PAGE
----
If you’re a long suffering reader of my blog, you’ll already be aware of my current foot injuries which have me benched from running since last April. Shortly before the Paris Marathon in April, I started experiencing some mild pain and discomfort on the outsides of both my feet, as well as around the heel area, on the underneaths of both feet and indeed on along the top of my left foot (for good measure). Long story short, it got rapidly worse in the couple of weeks leading up to the race and I could hardly walk on the left one after completing the 26.2.
6 months later and after a series of visits to 2 different physiotherapists, a chiropodist and a GP, it had been collectively decided that the cause of my foot pain was NOT:
- A stress fracture
- Plantar Fasciitis
- Rheumatoid arthritis
- Other rheumatology illnesses
All seemed to agree that it was likely that my feet had just generally taken quite a “battering”/ a “pounding” for the last while with training – and though I couldn’t disagree with this, it just seemed a bit too vague a diagnosis for me. I like to know exactly what is wrong, what caused it and how to fix/avoid it going forward.
Ortho / Joint Expert
My GP sent me for X-ray to rule out any obvious fracture, before referring me to an orthopaedic specialist, whose area of expertise is feet and ankles. During my visit with Mr Laing, he examined both feet, bent my legs and ankles this way and that, twisted my toes up and down and generally fiddled around with all the bits in my feet. His conclusion was that I likely have a stress fracture in the fifth metatarsal on my left foot and may also have a stress fracture on the right foot.
A stress fracture?
Wait, didn’t you say I definitely DID NOT have a stress fracture 5 months ago? This is why I don’t like going to physiotherapists – they are often way too vague in their analysis, differ wildly in what they think is wrong and far too often seem to be just winging it. Need to work on your core. Here’s a list of exercises to strengthen the leg muscles. Use ice baths. Oh, and that will be 50 euro and I need you to come back again next week.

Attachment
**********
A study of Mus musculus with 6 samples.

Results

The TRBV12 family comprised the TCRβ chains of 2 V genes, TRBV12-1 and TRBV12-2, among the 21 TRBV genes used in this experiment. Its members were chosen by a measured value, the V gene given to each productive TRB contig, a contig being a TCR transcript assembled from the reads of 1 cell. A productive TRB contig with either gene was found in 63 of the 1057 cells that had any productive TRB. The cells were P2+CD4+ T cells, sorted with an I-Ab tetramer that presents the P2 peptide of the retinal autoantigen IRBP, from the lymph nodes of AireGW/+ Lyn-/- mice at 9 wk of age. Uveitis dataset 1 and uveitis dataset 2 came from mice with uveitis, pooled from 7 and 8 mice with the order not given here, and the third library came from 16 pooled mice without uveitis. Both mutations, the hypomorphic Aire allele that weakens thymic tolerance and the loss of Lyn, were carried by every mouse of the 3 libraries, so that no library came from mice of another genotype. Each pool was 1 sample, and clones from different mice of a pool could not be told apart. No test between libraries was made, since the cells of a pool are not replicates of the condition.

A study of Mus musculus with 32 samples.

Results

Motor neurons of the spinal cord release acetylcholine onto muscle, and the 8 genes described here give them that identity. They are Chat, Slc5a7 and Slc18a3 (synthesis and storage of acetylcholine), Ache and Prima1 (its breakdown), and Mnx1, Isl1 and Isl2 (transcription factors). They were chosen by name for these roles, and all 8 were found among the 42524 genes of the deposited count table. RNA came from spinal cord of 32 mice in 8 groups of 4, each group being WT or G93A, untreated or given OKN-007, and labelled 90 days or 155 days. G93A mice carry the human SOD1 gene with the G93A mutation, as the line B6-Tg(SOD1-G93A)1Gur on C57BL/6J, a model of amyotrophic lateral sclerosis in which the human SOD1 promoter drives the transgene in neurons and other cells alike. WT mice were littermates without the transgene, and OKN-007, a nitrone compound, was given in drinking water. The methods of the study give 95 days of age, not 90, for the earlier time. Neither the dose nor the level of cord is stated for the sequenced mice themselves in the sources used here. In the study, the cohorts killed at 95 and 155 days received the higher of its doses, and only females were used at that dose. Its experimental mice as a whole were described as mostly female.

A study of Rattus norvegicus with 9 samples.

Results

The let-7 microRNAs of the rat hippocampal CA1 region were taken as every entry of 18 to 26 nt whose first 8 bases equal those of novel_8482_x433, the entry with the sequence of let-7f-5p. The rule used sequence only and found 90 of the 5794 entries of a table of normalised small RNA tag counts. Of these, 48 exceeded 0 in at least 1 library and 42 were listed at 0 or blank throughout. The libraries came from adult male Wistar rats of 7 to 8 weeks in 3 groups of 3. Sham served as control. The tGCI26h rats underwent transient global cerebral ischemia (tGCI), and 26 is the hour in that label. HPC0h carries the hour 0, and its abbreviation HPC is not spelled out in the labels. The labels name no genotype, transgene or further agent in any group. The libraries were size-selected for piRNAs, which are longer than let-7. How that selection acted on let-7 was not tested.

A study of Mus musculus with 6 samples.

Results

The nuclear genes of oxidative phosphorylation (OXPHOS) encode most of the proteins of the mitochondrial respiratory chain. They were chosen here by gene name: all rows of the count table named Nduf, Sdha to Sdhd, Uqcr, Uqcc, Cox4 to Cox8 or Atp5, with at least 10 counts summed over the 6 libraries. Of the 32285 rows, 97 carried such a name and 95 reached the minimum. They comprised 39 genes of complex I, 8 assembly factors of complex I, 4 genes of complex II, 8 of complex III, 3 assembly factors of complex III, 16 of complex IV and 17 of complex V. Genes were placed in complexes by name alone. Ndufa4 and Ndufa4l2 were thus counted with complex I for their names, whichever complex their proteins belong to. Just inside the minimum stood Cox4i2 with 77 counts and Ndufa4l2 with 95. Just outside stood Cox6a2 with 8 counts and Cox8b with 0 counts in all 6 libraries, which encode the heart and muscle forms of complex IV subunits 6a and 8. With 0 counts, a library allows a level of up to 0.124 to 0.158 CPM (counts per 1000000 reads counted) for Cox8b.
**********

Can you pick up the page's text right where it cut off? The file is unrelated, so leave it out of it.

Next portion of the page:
I am sure that there are some very good physiotherapists out there in the world doing great work, but I am equally sure that I have yet to meet one. And those who are not doing a good job or who are blatantly just winging it are doing a terrible disservice to the former.
Rant over, sorry.
The orthopaedic foot specialist referred me for an MRI scan so that he can fully assess what’s going on inside my feet, which I had done at the weekend. Next up is my follow-up appointment with himself to analyse the MRI and decide where to go from there.
If it is a stress fracture, the hard-to-swallow reality is that I may be completely benched from running, walking and all foot-based activities for up to a year…maybe more. For someone used to running 5 days a week and getting a few nice walks and hikes in on my days off too… this is a big, big pill to swallow.
The last few months have been tough, not being able to run and with the Dublin Marathon coming up in 3 weeks time, I am finding it really hard not being able to lace up and go for a run.
But the reality is that stress fractures need time and rest to heal. If you don’t give enough time or rest, it will not heal and all you’ll end up doing is prolonging the healing time… and therefore prolonging the torture of not being able to run.
I read all your blogs, follow your training, look at how you performed in your autumn marathons and I am envious.
I cannot wait to get back running and one thing is for certain – if and when I do lace up my Sauconys again, whether it’s for 3 miles or 26, I will be so grateful and happy to just be able to do that – to be able to run, to be pain-free and just doing my thing – that is a wonderful, wonderful thing.
Happy running my friends! Go do your thing.